Four Months Waiting is not a Long Time

My dad Charles, known affectionately as Charlie, was away during the war when I was born. We did not meet until I was two years old. Imagine, my mom pregnant with me for nine months, then waiting two more years for her husband to return. And worrying, every day, if he would return.

During this time of Corvid 19, it has become difficult and frustrating and maddening to wait. We miss going outside, we miss our friends and families, we miss going for a coffee. We have the fastest of communications to instantly connect us almost anywhere in the world and yet we are so impatient. We do not play the waiting game well.

Imagine, if you will, waiting months for a pencil scribbled letter from your sweetheart. One perhaps written in the trenches, in the mud and rain, or in a Red Cross tent with only a lantern for light. Waiting for delivery from across the miles, from across the ocean, to a Midwest town where your pregnant wife waits daily for words of love and encouragement from you.

Imagine, this is your first pregnancy. No other children around to keep you occupied. No Dr. Spock books of wisdom. No child birthing classes to help you stay connected with other women to this uniquely female experience. No internet to research the answers to all your questions. Yes, the women in the family are still around. They are your only support, along with stories of their pregnancies.

I was born in a male-dominated hospital typical of those days. Few female obstetricians, no midwives, no birthing rooms with Laura Ashley wallpaper, no natural, drug-free birth. Just the typical epidural with forceps delivery.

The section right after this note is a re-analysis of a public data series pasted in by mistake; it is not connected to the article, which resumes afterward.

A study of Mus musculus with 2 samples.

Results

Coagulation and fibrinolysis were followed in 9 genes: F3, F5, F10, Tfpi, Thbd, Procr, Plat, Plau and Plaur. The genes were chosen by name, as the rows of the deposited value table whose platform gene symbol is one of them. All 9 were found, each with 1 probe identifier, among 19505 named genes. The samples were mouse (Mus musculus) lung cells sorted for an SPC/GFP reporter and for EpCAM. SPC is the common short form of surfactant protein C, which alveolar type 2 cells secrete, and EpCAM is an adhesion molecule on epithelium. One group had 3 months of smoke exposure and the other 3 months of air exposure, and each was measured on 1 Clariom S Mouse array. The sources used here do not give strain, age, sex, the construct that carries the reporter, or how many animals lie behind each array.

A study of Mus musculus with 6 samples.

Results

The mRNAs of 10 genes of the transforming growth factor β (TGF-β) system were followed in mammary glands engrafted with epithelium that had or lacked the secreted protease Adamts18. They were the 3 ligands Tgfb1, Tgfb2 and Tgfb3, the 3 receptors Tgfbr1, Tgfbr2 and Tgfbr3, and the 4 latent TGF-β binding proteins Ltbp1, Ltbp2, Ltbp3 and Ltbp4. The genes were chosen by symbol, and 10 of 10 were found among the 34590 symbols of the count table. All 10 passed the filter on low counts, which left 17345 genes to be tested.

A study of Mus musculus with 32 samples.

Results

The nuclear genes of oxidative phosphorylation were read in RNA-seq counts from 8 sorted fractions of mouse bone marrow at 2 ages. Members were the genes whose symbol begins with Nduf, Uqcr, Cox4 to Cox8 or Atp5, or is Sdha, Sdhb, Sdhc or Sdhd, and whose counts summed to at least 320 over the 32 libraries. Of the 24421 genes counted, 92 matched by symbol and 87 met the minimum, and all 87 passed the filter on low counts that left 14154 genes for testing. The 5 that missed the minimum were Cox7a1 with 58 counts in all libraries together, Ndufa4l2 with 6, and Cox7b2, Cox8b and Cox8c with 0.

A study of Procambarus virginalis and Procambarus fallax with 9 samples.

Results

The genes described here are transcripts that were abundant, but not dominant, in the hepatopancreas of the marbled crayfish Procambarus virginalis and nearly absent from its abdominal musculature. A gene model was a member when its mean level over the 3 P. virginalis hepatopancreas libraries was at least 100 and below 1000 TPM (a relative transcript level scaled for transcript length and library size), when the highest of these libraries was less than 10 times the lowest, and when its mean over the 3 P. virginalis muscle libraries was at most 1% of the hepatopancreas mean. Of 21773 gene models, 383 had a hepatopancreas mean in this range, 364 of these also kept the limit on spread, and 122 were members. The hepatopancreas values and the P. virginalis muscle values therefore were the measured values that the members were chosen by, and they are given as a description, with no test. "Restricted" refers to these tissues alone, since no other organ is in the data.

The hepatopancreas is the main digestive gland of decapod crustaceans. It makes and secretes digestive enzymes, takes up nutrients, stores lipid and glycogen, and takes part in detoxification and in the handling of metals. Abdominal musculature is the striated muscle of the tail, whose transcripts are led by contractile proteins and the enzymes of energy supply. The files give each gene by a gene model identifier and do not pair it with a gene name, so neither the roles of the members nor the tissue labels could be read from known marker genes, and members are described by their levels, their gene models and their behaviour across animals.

Then two more years of learning to be a mother without your partner to share these amazing new experiences. Patience is said to be a virtue. My mom surely worked on hers. She was one of thousands of war wives...waiting.

We should be glad it’s only been four months for us during this quarantine. Maybe it will be longer. Will it be two years? I doubt any of us has the patience to last that long. But we will. Be glad for the internet, remote work, zoom classes, and facetime visits. Be grateful for all the healthcare workers fighting for our lives on the front lines. They are also in the trenches. Be appreciative of all the essential workers who cannot wait as they work, keeping the world going while the rest of us wait. The lesson of patience is difficult and deep. Hopefully, we will learn from this as it could mean a more meaningful life for each of us after this crisis is over.